As members of Congress debate proposals for the reauthorization of the Elementary and Secondary Education Act, they have an opportunity to improve public school experiences for the children of men and women who are serving our country, according to a new article from researchers at the University of Southern California, San Diego State University and Bar-Ilan University in Israel.
Appearing in the December edition of Review of Educational Research, “The Children of Military Service Members: Challenges, Supports, and Future Educational Research” is believed to be the first literature review on the education of military children to appear in a major educational research journal.
The comprehensive review of studies conducted since the Vietnam War recommends that schools take a more intentional approach to easing some of the burdens military children face during times of war, such as multiple deployments of a parent, frequent school changes and a lack of awareness among civilian educators about military culture.
The review was part of the “Building Capacity to Create Highly Supportive Military-Connected School Districts,” a four-year consortium involving the USC School of Social Work and eight Southern California military-connected school districts.
“It is not well-known that over 2 million students have had parents serve since the start of the wars in Iraq or Afghanistan and that nearly 1.2 million military children currently are enrolled in U.S. public schools,” said the study’s first author, Kris De Pedro, a PhD candidate in the USC Rossier School of Education.
Only 86,000 attend Department of Defense schools. The majority attend public schools.
“I hope this article begins a discussion among policymakers, researchers and school reformers, eventually leading to culturally responsive schools for the children of military service members,” De Pedro said.
In a time of war, stress on military families naturally intensifies, leading to increases in negative outcomes for some families, the study found. During peacetime, students from military families may be functioning similarly or better than civilian families on different outcomes.
“What this says is that while we are at war, we see far more problems emerging in a select group of military families that are under tremendous and continuous stress,” said Ron Avi Astor, a co-author and the principal investigator of the Building Capacity consortium partnership and a professor in the School of Social Work and the Rossier School of Education. “When we are not at war, the vast majority of military families don’t have outcomes that are any different from other families and in some respect seem to be doing better than society as a whole.”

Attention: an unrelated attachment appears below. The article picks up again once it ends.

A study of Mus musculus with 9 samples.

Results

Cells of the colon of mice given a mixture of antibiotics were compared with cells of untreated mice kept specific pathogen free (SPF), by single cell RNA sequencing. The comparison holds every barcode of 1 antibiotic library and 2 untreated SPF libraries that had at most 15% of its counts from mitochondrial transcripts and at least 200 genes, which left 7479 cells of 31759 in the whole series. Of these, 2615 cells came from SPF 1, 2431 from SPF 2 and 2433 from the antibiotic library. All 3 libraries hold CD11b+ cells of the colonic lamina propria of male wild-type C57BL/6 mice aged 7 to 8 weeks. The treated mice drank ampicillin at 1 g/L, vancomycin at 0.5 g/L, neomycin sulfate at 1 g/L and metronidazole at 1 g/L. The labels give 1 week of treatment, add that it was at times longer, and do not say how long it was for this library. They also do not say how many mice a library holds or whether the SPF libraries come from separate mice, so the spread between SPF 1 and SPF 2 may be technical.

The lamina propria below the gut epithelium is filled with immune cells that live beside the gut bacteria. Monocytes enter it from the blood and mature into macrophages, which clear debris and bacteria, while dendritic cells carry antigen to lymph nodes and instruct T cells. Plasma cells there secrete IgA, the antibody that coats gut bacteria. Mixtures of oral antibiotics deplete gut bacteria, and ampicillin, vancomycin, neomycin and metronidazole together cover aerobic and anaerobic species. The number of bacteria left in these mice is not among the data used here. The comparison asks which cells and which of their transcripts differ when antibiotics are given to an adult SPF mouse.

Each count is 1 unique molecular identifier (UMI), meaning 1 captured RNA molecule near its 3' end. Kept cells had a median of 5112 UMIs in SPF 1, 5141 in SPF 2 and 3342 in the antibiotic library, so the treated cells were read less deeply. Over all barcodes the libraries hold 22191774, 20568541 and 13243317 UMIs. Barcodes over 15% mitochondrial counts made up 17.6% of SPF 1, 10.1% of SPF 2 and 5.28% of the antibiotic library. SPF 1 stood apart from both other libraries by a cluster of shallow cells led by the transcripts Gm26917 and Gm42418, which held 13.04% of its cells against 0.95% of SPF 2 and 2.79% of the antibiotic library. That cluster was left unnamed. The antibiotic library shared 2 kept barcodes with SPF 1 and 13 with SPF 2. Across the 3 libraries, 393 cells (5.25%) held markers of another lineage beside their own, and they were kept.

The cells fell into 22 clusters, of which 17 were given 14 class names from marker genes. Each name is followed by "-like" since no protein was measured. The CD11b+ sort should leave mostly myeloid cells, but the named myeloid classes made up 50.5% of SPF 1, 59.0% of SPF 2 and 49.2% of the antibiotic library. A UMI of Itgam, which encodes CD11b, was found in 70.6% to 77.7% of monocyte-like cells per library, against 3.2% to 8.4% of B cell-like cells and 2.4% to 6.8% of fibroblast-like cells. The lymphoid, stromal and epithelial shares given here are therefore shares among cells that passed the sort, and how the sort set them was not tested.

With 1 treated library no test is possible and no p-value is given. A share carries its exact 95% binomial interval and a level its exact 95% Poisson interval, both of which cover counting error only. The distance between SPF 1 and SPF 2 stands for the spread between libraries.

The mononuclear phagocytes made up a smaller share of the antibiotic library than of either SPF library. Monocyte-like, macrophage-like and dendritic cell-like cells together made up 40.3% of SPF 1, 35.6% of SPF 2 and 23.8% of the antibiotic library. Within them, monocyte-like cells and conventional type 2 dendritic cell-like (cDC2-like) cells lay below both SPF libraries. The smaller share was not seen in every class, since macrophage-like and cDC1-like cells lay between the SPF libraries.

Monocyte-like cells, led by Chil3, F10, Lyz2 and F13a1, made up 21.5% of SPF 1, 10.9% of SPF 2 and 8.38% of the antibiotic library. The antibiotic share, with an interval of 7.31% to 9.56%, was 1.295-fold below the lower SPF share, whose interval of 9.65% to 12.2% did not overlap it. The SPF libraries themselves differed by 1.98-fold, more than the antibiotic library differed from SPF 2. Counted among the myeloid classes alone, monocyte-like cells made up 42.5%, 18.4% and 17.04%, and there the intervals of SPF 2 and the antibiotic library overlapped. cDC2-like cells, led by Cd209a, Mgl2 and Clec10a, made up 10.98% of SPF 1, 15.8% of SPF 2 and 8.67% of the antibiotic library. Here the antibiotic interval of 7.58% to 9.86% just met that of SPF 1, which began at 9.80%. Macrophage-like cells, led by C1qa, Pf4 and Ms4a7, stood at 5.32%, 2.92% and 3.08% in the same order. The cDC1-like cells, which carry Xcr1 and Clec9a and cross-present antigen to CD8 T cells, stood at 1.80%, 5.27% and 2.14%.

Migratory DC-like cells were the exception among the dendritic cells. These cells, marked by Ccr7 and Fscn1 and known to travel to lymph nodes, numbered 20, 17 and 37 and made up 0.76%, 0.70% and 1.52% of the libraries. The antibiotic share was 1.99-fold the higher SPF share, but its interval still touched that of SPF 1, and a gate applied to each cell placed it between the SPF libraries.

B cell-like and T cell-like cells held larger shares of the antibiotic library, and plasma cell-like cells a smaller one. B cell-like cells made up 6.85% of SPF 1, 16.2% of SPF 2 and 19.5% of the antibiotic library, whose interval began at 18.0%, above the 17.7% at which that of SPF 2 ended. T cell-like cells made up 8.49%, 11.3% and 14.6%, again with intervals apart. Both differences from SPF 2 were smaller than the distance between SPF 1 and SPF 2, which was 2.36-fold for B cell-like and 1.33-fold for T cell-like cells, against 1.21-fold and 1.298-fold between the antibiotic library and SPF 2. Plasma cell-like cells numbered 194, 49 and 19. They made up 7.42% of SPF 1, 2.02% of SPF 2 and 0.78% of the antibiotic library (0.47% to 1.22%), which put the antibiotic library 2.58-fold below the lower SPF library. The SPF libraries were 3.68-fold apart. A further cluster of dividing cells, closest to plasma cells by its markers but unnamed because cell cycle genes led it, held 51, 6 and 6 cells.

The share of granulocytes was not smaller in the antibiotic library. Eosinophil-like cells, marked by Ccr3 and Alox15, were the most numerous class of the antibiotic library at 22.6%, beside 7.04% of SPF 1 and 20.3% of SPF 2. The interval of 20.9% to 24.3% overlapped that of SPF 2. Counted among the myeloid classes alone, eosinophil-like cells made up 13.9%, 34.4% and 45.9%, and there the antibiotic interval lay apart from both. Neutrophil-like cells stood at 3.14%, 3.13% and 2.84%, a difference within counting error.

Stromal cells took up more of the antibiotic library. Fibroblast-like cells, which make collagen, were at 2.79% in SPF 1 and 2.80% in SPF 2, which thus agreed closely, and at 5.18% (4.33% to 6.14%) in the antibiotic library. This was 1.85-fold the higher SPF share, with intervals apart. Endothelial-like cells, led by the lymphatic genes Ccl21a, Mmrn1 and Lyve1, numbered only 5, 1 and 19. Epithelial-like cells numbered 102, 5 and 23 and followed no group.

The authors urge schools to take an active role in understanding the pressures on military families – especially during wartime – and implement policies that support children through transitions, deployments and reunions with parents returning from war.
The creation of peer welcoming programs, the use of the military school liaison officers, providing services and support during deployments and re-entry, and tutoring during transition periods are examples of interventions that can be used to make schools more responsive to the needs of military children, said Rami Benbenishty, a co-author and a professor of social work at Bar-Ilan University.
The review recommends that military children be recognized as a demographic group so that appropriate services and supports can be provided for schools that have the highest needs.
Making mental health services available without stigma and linking families to local resources is also important. Training university students who will interact with the public at large to work in a culturally sensitive way with students’ military families would be a way to address this need, researchers added. And schools that have already developed effective ways to work with military families should share best practices with school districts that have less expertise.
The authors conducted an extensive review of research from four distinct bodies of literature—mental health, child maltreatment, research on National Guard and Reserve families, and impact-of-life events, such as deployment, reintegration or combat-related trauma.
Past research on military families and children has looked at military families at one point in time and has led to mixed views of how military children compare to their civilian peers in terms of their psychological, behavioral and academic well being. While some studies have pointed to more negative outcomes among military families, others have found little difference. Most of the prior studies did not factor into their analyses how engagement in war or peacetime service impacted military family outcomes.
The review concluded that the war-linked context was likely the driving reason why prior studies came to mixed reviews over time. Previous research focused more on out-of-school issues, such as child maltreatment, mental health problems, or drug and alcohol abuse and less on academic and other school-related issues for students with parents in the military.
The article recommends that more research be done “on the contextual factors influencing military-specific risk issues, family and community supports, and the social, emotional, and psychological development of military children.”
The other authors include Jose Estrada of San Diego State University and Gabrielle Dejoie Smith and Monica Christina Esqueda of USC.
The partnership consortium between USC and the eight districts is supported by a grant from the Department of Defense Educational Activity.